To Imperil Affirmative Action Is to Imperil the Future of Millions

In writing the majority ruling on the 2003 Supreme Court case Grutter v. Bollinger, Justice Sandra Day O’Connor dreamed that within 25 years this country might no longer need to consider race as a factor in admission to higher education. Fifteen years later, with the Trump Administration’s plans to change Obama-era guidelines on the use of race in college admissions and the high-profile affirmative action lawsuit at Harvard, we must again examine the role of race in determining who gets into college, and, ultimately, graduate and professional school—and who gets access to economic and social opportunity. 

Sadly, our society is no less divided along racial lines than it was when the Grutter case was decided. Our neighborhoods and our schools remain highly segregated, for the most part, and serious inequality of educational attainment continues. The result is an educational pipeline that is unequal from the primary grades through college graduation.

According to statistics compiled by the College Board, students of color increasingly lag behind white students in attending selective colleges, attend two-year colleges in disproportionate numbers, and are less likely to attend or graduate from college. Over 50 years after Brown v. Board of Education, we still live in a society where educational opportunity is divided along racial lines.

For more than 40 years, the Supreme Court has been grappling with the constitutionality of using race in admissions. Each time, the Court has recognized the need to consider race in admissions, even as the opinions called for narrower tailoring and for seeking less restrictive means.

After avoiding a decision on the use of race in college admissions in DeFunis v. Odegaard (1974), the Supreme Court outlawed the use of numerical racial quotas in the University of California Board of Regents v. Bakke in 1978. In Bakke, the use of racial quotas was ruled unconstitutional, but the use of race was permitted, as long as the appropriate scrutiny was applied and there were no less onerous means to accomplish educational equality. The Supreme Court tightened the parameters on the use of race in college and professional school admissions again in Grutter v. Bollinger (2003), Gratz v. Bollinger (2003), and Fisher v. Texas (2016). While the Supreme Court’s scrutiny became stricter and the proof of the necessity of using race became more restrictive in each case, the rulings did not eliminate the consideration of race in admissions.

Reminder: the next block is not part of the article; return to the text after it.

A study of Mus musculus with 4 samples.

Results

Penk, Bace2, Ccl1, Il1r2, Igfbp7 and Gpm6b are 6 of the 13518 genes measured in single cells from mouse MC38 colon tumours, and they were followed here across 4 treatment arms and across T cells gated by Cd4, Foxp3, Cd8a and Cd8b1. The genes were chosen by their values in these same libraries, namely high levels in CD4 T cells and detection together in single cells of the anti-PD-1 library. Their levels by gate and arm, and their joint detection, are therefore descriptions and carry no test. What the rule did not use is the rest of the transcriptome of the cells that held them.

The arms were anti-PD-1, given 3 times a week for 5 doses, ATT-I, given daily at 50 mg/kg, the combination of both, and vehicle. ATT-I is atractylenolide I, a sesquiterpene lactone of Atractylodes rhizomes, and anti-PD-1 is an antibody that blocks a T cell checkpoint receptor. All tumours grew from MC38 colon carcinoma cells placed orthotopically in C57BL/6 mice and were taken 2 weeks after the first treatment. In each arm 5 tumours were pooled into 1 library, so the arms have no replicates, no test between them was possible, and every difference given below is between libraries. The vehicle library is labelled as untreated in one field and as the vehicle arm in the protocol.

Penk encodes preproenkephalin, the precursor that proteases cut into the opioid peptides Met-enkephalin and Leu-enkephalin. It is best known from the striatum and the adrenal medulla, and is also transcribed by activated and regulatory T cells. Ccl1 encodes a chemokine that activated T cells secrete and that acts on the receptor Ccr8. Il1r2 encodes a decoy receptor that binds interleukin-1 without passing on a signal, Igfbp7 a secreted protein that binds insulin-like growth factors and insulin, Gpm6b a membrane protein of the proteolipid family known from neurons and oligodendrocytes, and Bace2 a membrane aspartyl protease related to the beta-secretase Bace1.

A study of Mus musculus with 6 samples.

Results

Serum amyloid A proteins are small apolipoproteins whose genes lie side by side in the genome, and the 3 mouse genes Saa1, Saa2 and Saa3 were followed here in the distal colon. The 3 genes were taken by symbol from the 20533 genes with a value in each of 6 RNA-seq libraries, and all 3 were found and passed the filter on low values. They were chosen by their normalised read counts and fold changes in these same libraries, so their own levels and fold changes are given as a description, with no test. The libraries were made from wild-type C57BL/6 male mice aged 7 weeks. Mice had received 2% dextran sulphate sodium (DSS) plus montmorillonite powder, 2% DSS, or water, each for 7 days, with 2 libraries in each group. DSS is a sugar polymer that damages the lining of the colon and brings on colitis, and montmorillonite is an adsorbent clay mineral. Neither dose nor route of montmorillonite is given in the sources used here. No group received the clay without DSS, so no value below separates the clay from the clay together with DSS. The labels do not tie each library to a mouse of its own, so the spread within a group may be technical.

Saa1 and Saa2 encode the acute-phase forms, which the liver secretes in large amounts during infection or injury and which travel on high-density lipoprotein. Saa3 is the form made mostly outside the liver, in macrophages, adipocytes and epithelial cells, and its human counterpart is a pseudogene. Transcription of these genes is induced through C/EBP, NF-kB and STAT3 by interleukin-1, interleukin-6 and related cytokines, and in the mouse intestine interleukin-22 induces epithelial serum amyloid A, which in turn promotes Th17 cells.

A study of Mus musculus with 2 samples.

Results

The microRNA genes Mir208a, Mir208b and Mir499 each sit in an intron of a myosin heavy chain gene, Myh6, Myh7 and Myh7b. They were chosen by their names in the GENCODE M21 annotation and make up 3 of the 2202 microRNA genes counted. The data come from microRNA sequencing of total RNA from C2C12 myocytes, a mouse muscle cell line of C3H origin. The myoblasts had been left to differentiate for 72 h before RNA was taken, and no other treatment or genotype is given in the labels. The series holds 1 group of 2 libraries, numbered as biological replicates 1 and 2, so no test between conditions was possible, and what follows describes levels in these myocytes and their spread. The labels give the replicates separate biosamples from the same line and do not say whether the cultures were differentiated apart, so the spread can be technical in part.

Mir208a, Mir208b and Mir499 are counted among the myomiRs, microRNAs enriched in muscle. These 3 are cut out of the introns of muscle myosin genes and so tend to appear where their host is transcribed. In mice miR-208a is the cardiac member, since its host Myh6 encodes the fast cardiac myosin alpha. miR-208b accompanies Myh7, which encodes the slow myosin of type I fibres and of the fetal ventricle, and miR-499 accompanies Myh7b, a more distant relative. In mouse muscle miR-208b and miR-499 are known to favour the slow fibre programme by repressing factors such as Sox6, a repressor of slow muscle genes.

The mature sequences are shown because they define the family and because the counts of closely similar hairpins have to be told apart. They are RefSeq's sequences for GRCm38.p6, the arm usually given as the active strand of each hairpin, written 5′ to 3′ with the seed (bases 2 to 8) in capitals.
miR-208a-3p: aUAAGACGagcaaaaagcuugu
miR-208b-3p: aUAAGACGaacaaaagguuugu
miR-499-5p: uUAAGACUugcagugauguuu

Anyone who has been in higher education admissions over the last 40 years knows why color-blind admissions simply will not work in a color-conscious society burdened by educational disadvantage due to a number of factors, of which race is the most prominent. It is virtually impossible to eliminate the consideration of race in admissions in a society that has woven race into the fabric of our educational opportunities.

Probably the most difficult argument to understand is the notion that consideration of race in admissions unfairly favors minority students. This is not borne out by the statistics. According to data compiled by LSAC, even with the majority of schools considering race in admissions, the law school acceptance rate for white applicants over the last four years is 84 percent, while for African Americans it is 55 percent.

In any given year, I counsel hundreds of students who, despite their lack of educational opportunities, want to advance their careers through more education. Many of them have faced every disadvantage, including inadequate schools, lower socioeconomic status, violent neighborhoods, and other daunting obstacles. Yet these students have, compared to their peers, excelled in school and are committed to gaining more knowledge and to improving society. Because of their backgrounds, I find these students to be more mission-driven and determined to succeed. If race caused or exacerbated this inequality, why should a fair admission process not include race among other factors in evaluating these candidates?

The Supreme Court is right to restrict the use of race to those situations where there appear to be no less onerous ways to achieve equality. However, nothing in the current educational environment indicates that now is the time to eliminate race from consideration in the admission process. The dream of a color-blind society remains distant. The coming months and years will be critical, as the Courts weigh new cases that could have serious consequences for the consideration of race in higher education admissions. To achieve the goal of a legal system that mirrors our diverse society, higher education must raise its collective voice and do everything possible to maintain the use of race as part of a balanced admission process.  

About Kent D. Lollis

Vice President & Chief Diversity Officer, LSAC
Kent D. Lollis is vice president and chief diversity officer at the Law School Admission Council, where he leads external outreach to organizations, associations, and other stakeholders working to enhance diversity, equity, and inclusion in the legal profession. He also directs diversity, equity, and inclusion goals within the LSAC organizational structure.